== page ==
Edwin M. Truman (Former PIIE)



The posting by the International Monetary Fund (IMF) of the latest data on the currency composition of international reserves (COFER) as of the end of 2014 brought some overheated reactions by investment banks and the media. J.P. Morgan, for example, focused on what it said was the euro allocation hitting the lowest level since 2002 while the US dollar share climbed to the highest since 2009. The Financial Times said the dip in dollar and euro shares of reserves throws doubt on the ability of emerging markets to keep buying US and European debt. Most of their analysis is nonsense.

It is true that the US dollar's share of the reserve holdings of all those countries that reported their reserves, which hold only 52 percent of total reserves, is back to where it was at the end of the second quarter of 2009 at 62.9 percent. This is up from 62.4 percent at the end of the third quarter of 2014.1 (See table, first and third columns.) It is also true that the euro's share declined to 22.2 percent from 22.6 percent. However, more than this entire decline, which was not very large, reflected the effects of change in the euro-dollar exchange rate. When non-US dollar holdings at the end of the third quarter are adjusted for the influence of the dollar's appreciation over the fourth quarter, the dollar's share actually declined from 63.3 percent at the end of the third quarter. (See the second column in the table.) The euro's share rose slightly. Stripped of valuation effects, the euro's share holdings of emerging-market and developing countries as a group did decline, but the dollar's share also declined. For the advanced countries as a group, the dollar's exchange-rate-adjusted share declined, and the euro's share actually rose slightly.

Currency share of international reserve holdings (percent)

2013 Q3 2014 Q4

Country group or currency Nominal "Exchange-rate adjusted" Nominal

All holders
US dollar 62.4 63.3 62.9
Other currencies 37.6 36.7 37.1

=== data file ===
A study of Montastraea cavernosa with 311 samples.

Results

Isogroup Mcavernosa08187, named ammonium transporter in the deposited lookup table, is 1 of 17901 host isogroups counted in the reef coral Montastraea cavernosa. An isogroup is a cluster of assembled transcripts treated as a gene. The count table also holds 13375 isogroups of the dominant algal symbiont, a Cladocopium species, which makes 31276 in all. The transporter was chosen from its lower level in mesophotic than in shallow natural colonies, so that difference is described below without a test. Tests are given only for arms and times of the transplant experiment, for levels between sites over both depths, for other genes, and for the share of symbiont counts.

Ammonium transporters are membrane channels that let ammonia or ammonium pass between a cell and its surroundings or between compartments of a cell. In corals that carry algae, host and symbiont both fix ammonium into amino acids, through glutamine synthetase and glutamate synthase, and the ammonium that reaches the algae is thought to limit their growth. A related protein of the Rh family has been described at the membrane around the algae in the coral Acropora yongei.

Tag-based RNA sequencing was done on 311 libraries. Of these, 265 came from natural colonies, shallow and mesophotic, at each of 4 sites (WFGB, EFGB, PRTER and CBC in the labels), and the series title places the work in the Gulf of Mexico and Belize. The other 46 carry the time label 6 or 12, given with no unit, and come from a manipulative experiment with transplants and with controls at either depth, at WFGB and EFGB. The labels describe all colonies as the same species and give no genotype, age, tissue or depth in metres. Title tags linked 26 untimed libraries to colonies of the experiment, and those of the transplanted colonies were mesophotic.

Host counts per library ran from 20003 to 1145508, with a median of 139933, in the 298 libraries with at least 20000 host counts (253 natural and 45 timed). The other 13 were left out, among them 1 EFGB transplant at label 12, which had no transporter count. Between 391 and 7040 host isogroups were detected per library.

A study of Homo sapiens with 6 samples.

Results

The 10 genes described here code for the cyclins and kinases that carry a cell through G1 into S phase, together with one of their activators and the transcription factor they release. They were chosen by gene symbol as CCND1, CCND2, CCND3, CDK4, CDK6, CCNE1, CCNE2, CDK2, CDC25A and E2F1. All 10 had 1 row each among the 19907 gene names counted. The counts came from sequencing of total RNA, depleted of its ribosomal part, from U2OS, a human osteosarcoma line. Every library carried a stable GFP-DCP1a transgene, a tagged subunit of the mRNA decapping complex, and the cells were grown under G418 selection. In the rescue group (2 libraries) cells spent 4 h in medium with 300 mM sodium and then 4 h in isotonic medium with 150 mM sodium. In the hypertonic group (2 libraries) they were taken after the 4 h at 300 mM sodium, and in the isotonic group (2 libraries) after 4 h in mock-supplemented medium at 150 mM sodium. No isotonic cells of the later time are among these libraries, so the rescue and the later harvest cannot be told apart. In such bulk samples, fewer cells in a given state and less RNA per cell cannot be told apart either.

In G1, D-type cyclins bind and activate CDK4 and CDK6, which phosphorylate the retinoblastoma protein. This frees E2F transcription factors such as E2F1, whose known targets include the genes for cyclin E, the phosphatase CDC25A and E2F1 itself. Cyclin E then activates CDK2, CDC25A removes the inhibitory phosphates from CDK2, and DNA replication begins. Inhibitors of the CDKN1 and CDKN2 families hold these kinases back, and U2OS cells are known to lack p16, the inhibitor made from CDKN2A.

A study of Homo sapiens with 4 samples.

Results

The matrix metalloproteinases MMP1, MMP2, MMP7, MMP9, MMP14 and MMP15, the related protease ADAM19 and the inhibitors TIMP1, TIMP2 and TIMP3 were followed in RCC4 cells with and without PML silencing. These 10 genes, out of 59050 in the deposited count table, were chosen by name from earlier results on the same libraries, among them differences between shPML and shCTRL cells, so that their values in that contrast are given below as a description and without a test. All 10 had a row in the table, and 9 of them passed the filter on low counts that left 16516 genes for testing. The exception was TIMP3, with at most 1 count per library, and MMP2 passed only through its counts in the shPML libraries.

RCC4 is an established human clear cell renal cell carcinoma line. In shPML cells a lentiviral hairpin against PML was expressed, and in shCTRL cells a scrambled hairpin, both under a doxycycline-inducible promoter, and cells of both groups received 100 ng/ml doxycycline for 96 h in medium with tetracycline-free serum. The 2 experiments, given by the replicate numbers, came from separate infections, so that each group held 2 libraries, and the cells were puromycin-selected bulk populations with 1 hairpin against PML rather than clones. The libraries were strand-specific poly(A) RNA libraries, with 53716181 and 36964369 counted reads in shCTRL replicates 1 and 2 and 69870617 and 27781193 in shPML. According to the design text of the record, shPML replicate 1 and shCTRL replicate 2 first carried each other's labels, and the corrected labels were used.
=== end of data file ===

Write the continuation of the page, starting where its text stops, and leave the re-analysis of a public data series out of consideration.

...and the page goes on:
Euro 22.6 22.1 22.2
Emerging-market and developing countries
US dollar 61.4 62.9 62.2
Other currencies 38.6 37.1 37.8
Euro 22.2 21.8 21.5
Advanced countries
US dollar 62.4 63.3 62.9
Other currencies 37.6 36.7 37.1
Euro 22.6 22.1 22.2

Source: International Monetary Fund, Currency Composition of International Reserves.

Why did the euro's adjusted share in the reserves of advanced countries rise? Because the Swiss National Bank was intervening heavily to prevent the Swiss franc from rising relative to the euro, a policy abandoned early in the first quarter. The Swiss National Bank invests disproportionately in euro-denominated assets.

Why did the US dollar's share in all reserve holdings, as well those of each subgroup, decline? Because the dollar is the intervention currency of most countries and, during the fourth quarter, a number of countries were buying their own currencies with US dollars to slow the depreciation of their currencies against the US dollar.

Emerging-market and developing countries—as well as Hong Kong, Korea, Singapore, and Taiwan, which are classified as advanced countries in the COFER data—may or may not be slowing their accumulation of reserves. Such a trend should be welcomed as removing a symptom of global imbalances—not feared as a threat to the growth of the traditional advanced countries. Global growth depends on the total world saving, not the growth in holdings by one investor of a particular class of assets.

Finally, what about the clamor that China's renminbi is on the verge of becoming an important reserve currency, which was mentioned by J.P. Morgan in the citation above? China's currency may become an important international currency used to denominate trade and investments long before it becomes an important reserve currency. This is because official investors tend to follow behind private sector investors. Moreover, as a simple matter of arithmetic, the renminbi has a long way to go before it achieves the status of an important reserve currency. The COFER data now identify reserve holdings in five currencies other than the US dollar and euro (Japanese yen, pound sterling, Canadian dollar, Australian dollar, and Swiss franc, in order of size of reported holdings). The category of other unspecified currencies, including the renminbi, was only 3.1 percent of total reported holdings at the end of 2014. Unreported holdings were $5.5 trillion. But $3.8 trillion was China's own reserves, by definition not held in renminbi assets. Consequently, if the share of reserve investments in other currencies for nonreporting countries other than China were the same as for reporters and if the renminbi were the only other currency, renminbi holdings would be a mere 2.1 percent of the total at the end of 2014 and more likely less than half that amount.


1. The US dollar share of international reserves at the end of the second quarter of 2009 as well as at the end of the first quarter that year were strongly affected by the effects of the strong dollar as described in the text for the end of 2014.